One sure takeaway of all this is that Yidden will do for one another in a way that no other nation could ever dream.
here’s a telecommunications company here in the UK owned by serial entrepreneur Richard Branson called Virgin Media. Once, when advertising their latest broadband product, they coined a new motto: “faster, faster, faster”.
As the Coronavirus arrived on these shores and the community’s answer to it accelerated in response, that’s how I felt. The slew of calls, texts, messages and emails went from a trickle to a flood in a matter of hours as the community mobilized to cope with a whole new set of challenges.
Almost overnight, following a series of late night crisis meetings that brought together Kehilla lay leaders, rabbonim, Hatzola and volunteers, a new service was born. The newly formed Gateshead Kehilla Coronavirus Support launched a phone line to serve anyone self-isolating or in quarantine. Users can call, leave a message stating their need, and one of around 100 volunteers marshalled on a dedicated messaging group are poised to respond.
Barely a day or two old, Erev Shabbos hit the new service. As over 40 families in the Kehilla were already self-isolating or quarantined, the calls came in thick and fast. For food shopping, for prescriptions, for medication, for errands, for pre-Pesach shopping – you name it.
Since our almost two-year-old son had developed a mild fever on Wednesday we were advised by our doctor to hunker down and batten down the hatches. The new service became our lifeline as we asked for all our Shabbos supplies to be shopped and delivered, from soup to nuts. When my wife decided that a new trampoline would help see us through, a volunteer came by to fetch my credit card and returned an hour later, depositing the large box at our door and quickly retreating away from our condemned abode.
All day Friday the line was inundated with requests. Volunteers responded royally, racing round town, delivering everything anybody needed, right down to Parsha sheets, filling each and every request with care and precision. As Shabbos inched closer, a message came through – a volunteer had approached the Rosh Yeshiva R’ Avrohom Gurwicz for a recorded message and it was uploaded to the phone line. I dialled in an hour before Shabbos and heard the steady, reassuring voice of the Rosh Yeshiva, may he live and be well, providing timeless perspective and wishing everyone Gut Shabbos.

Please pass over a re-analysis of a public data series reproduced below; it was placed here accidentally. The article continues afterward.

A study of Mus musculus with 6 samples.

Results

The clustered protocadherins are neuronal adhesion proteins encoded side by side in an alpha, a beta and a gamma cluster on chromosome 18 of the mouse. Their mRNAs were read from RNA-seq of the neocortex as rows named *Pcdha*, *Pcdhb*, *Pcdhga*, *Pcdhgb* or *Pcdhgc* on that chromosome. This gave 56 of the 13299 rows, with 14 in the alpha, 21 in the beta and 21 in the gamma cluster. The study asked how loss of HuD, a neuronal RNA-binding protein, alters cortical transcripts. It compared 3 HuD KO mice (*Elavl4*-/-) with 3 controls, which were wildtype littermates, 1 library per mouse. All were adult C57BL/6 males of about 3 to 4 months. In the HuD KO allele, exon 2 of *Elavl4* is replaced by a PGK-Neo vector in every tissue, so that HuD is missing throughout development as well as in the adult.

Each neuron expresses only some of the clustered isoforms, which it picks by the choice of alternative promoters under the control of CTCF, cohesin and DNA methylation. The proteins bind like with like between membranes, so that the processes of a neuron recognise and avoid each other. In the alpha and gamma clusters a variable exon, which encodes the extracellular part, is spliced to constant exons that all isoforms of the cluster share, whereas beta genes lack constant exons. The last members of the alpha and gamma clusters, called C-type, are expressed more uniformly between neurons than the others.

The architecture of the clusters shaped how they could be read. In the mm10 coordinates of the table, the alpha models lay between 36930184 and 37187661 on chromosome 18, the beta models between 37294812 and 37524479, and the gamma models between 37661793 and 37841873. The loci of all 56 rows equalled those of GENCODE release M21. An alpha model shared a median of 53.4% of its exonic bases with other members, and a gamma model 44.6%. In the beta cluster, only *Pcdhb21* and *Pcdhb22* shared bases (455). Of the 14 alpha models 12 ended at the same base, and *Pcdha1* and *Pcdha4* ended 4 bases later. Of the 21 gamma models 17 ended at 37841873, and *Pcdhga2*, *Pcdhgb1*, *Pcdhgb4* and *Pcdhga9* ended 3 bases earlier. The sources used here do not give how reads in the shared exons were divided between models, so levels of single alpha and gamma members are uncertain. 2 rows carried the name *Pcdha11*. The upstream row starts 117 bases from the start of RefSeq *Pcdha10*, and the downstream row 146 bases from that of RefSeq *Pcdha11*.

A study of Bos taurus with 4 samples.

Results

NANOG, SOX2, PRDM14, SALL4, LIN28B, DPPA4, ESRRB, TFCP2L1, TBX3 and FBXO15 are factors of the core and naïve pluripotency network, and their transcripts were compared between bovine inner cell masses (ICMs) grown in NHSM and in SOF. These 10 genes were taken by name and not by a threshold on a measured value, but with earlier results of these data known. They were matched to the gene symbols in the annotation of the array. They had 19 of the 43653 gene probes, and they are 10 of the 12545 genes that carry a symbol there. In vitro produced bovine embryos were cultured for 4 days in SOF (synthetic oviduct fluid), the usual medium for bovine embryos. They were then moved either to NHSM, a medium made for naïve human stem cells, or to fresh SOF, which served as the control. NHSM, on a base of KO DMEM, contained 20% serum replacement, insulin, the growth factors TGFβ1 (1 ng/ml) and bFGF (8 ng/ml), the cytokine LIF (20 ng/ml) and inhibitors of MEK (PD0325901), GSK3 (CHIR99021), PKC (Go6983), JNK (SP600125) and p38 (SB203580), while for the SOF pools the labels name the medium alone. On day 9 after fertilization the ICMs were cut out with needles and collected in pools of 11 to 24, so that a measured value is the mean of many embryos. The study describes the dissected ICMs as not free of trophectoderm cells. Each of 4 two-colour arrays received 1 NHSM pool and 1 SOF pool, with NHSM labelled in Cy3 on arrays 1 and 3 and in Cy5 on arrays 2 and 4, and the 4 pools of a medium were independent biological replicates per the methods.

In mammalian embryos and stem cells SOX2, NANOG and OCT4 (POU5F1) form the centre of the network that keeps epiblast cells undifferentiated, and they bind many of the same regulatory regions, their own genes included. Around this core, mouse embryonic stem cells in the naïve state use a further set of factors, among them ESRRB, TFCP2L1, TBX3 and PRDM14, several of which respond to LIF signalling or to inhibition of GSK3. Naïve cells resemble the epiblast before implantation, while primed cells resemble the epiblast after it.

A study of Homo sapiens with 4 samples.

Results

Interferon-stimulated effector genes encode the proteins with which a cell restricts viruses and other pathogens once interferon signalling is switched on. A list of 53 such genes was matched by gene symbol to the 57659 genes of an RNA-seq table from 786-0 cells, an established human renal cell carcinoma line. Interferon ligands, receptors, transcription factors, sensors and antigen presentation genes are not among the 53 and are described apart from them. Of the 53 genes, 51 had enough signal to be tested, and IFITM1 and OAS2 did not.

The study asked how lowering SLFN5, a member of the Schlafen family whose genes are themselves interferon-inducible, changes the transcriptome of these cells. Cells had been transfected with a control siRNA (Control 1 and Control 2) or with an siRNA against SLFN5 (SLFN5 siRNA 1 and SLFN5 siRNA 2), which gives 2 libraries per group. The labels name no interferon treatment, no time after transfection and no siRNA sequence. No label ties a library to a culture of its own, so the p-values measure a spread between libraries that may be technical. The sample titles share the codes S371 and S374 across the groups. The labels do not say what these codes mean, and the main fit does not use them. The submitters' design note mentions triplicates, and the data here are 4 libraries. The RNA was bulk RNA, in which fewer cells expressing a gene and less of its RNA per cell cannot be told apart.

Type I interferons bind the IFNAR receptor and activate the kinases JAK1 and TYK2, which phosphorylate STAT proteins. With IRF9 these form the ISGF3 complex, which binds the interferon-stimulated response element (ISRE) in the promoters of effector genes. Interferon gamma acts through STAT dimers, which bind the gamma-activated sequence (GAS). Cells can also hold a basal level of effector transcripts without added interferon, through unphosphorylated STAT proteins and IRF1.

And then, as houses across the Jewish world prepared to spend Shabbos without Shuls, kiddushim, chavrusas or shiurim, serenity descended. The messages ceased, the phones went quiet and ‘vayinofash’ - Klal Yisroel stopped. They stopped to accept the arrival of Shabbos, a veritable cocoon of serenity and of feeling at One with Hashem. The day designed to remind us weekly that Hashem created the world and all that’s in it arrived, and never has its message resounded more clearly than this past Shabbos. During the seudos there was ample time to reflect on the week, trying to impart a Torah-dike perspective on the madness that has gripped planet Earth.
And as my father in law always says, everything can be found in the weekly parsha. For me, it was right there, staring out at me in the opening pasuk. “Vayakel Moshe es kol adas Bnei Yisroel vayomer aleihem zeh hadovor asher tziva Hashem. Listen to this creative Chidushei Harim: Vayakel – the gathering together, positive collaboration and achdus of Yidden is exactly “asher tziva Hashem”. Helping and caring for one another is precisely what Hashem wants, what He desires and what He treasures.
We will be learning many, many lessons from this crisis and its ripples will be felt for years to come. But if there’s anything we can take from it already now, it’s that Yidden will do for one another in a way that no other nation could ever dream.